The hours of unsupervised, unadulterated playtime with my siblings and neighbours before the Maghrib prayers when I was a child is arguably one of the best memories of my life. The Azaan used to be our queue to go home and study. I would leave reluctantly, being scolded by my parents who would also offer me special incentives to cheer me up, at other times. My childhood shenanigans are a story for another day but I can’t help talk about the tragedy that I as an educationist and a mother witness every day. The streets today are devoid of playful children, who now seek entertainment in the virtual world beyond the glass screens.
Now I’m no one to deny the boons technology has brought for this generation, but at what cost? The children no longer go out to play, physical exercise being almost nonexistent for most of them. ‘Kanamachi’ and ‘Gollachut’ have become ancient terms they are no longer familiar with, and that saddens me a great deal.
In the primitive era, the children acquired life skills and the tools for survival through interactive play. As a student of psychology, I know that it is one of the factors that does wonder for a child’s cognitive development. Not only does it give them the much needed physical exercise, because let’s be honest they need it, it also makes them equipped to deal with anxiety and depression.
Imagine a child being out on the streets organising a team for the next game. Now, more often than not it ends in a lot of crying and screaming and sometimes with more than one child rolling around the streets scuffling, but it always ends happily with them back at the game after negotiations that are no less important than the one between two states! Now some might find it funny, but what I see is that those playtimes- mostly unsupervised by the anxious and hovering parents of today- automatically develop a child’s leadership and negotiating skills and boost their confidence.
Our children today face what I like to call a ‘play deficit,’ a problem that will keep on growing. We deprive the children of one of the most important things that help their development.
As a parent, I understand the need for safety and the inbuilt desire to want what we think is best for our children. We want perfect little human beings that live up to our idea of success. Ironically we don’t equip them well enough to climb the ladder of success. Most children today who are allowed to go out and play are watched like hawks with the playgrounds cushioned for them. The end results are dependent on individuals who haven’t learnt to make their own decisions or develop their coping skills.
Another thing plaguing the generation is a child’s playtime being cut down to accommodate the unhealthy studying habits that we seem to have developed. I don’t deny the importance of education but do we truly need to ensure that it’s the only thing a child does? I feel sorry for the generation of kids who spend a large chunk of their day running to and fro between school and coaching centres. And if the overloaded curriculum isn’t enough to exhaust them, Dhaka traffic never disappoints.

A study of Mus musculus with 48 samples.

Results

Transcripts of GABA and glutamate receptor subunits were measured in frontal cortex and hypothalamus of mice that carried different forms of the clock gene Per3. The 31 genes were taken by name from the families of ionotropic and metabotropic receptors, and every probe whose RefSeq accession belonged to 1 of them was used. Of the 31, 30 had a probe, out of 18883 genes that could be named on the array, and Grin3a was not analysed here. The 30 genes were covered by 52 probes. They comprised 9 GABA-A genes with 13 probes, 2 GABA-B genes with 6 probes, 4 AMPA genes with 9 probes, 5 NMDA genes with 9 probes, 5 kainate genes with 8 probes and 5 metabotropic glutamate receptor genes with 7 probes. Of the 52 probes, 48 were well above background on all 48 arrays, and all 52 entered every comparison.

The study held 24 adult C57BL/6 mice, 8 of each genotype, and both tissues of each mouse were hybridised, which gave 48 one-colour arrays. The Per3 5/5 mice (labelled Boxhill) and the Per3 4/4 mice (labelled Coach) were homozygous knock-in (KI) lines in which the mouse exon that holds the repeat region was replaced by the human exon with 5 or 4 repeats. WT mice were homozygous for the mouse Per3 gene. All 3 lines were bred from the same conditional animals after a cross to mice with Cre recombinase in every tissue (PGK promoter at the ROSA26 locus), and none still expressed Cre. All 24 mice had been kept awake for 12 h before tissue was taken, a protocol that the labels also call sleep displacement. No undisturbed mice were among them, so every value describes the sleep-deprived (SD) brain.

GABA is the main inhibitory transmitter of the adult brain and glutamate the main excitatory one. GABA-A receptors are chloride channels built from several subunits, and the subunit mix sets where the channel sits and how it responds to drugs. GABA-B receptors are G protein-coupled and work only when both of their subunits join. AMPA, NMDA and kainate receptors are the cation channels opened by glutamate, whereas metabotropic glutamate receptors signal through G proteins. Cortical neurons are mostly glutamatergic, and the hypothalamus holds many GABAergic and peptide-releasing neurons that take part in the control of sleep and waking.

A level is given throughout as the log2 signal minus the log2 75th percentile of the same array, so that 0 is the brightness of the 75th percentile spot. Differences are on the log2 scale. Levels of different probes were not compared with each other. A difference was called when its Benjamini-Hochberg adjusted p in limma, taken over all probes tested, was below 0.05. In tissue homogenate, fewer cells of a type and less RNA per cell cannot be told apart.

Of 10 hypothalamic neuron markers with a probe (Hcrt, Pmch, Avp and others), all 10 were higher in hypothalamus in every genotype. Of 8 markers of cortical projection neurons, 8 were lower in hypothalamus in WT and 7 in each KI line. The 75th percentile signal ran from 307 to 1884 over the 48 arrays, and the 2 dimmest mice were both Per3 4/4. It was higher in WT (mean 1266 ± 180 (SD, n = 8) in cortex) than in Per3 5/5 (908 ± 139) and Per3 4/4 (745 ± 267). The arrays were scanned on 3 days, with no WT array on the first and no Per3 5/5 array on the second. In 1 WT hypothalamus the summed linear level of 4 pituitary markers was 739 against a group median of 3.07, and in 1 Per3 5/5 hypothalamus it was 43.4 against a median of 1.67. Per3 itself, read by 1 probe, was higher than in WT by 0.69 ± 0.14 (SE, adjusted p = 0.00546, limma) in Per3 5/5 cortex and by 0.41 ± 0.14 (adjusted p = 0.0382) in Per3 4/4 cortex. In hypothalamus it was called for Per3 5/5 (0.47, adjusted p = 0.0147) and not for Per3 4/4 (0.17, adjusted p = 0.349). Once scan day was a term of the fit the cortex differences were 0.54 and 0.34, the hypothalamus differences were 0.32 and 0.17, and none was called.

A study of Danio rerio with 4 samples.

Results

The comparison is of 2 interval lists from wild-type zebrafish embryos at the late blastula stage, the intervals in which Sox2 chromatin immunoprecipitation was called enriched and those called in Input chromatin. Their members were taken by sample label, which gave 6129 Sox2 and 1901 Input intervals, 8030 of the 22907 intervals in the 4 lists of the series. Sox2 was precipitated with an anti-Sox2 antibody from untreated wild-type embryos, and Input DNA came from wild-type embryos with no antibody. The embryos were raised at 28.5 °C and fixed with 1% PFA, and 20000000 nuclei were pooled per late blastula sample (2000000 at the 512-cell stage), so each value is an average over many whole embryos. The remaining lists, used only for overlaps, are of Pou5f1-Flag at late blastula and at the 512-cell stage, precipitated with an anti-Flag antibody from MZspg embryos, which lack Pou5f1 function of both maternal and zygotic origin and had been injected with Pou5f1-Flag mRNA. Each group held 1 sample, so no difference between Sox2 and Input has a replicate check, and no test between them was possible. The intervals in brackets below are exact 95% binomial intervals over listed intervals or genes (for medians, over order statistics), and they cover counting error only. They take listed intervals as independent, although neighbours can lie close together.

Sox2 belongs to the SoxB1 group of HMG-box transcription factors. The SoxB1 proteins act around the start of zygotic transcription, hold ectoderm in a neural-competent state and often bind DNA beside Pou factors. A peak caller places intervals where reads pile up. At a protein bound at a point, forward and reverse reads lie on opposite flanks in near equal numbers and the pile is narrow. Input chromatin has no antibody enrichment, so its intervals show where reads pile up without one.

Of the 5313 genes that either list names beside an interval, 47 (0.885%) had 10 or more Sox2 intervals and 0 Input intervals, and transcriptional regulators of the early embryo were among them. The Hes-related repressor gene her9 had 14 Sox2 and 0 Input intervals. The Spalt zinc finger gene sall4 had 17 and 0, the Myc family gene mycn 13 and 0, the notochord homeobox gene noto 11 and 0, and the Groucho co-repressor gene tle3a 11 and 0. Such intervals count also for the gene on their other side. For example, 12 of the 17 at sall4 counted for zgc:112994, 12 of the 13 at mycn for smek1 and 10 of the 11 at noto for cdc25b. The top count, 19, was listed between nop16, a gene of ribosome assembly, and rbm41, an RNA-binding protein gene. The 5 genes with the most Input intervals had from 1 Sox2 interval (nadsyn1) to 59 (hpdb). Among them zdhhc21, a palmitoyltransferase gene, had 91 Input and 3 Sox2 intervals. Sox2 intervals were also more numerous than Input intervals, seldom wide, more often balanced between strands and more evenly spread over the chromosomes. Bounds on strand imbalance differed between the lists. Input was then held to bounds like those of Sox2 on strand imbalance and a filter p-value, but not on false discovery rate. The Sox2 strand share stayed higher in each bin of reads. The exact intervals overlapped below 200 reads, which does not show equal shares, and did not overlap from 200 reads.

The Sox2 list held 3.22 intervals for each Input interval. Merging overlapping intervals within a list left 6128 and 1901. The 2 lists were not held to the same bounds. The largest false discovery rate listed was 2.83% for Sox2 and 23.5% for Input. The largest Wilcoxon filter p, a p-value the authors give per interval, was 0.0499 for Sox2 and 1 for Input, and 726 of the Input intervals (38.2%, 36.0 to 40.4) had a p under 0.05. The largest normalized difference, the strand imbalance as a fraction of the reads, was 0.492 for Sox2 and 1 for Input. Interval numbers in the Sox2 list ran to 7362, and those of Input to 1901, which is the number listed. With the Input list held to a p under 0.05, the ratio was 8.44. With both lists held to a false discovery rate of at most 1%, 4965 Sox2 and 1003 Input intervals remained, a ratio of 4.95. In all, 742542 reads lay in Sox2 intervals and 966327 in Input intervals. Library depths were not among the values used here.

It would, however, be unfair to let the parents share all the blame. The educational institutes must claim responsibility for their part. I can confidently say that a majority of them don’t give a second thought to a child’s need for playtime when they design the curriculum meant to create ‘successful’ individuals. They keep on piling homework and assignment, without realizing that physical play-time releases endorphins which in turn make a child more receptive. I don’t know whether this creates successful individuals but I suppose we could settle for successful parrots.
We often like to live in a bubble where we think that playtime is unnecessary, forgetting that without physical exercise, a child cannot learn skills or risk assessment. I can name a wide variety of mental ailments that can be made easier with just a little running around. Instead, we create individuals who lose themselves in the mad scramble for stellar grades, substituting their playtime, which is so important for their development.
As an educationist, I feel that a revolution in play is imperative to bring an end to the era of frustrated, dependent children. Now I won’t just rap the education institutes and the parents too. The government must also do their part.
Safety of anyone, especially that of children has become the stuff of dreams and instead of playgrounds, all we have is concrete buildings occupied by concrete individuals. The government must return the playground to the children, which is their birthright. They must reform the curriculum so that the new generation has scope to unwind and relax and channel their excess energy in healthy ways. It’s not luxury but a fundamental need.
There isn’t enough time or words to describe the power of interactive play. It empowers them, helps them become self-reliant individuals with great leadership skills and as a society, it’s our duty to come forward and make the world a better place.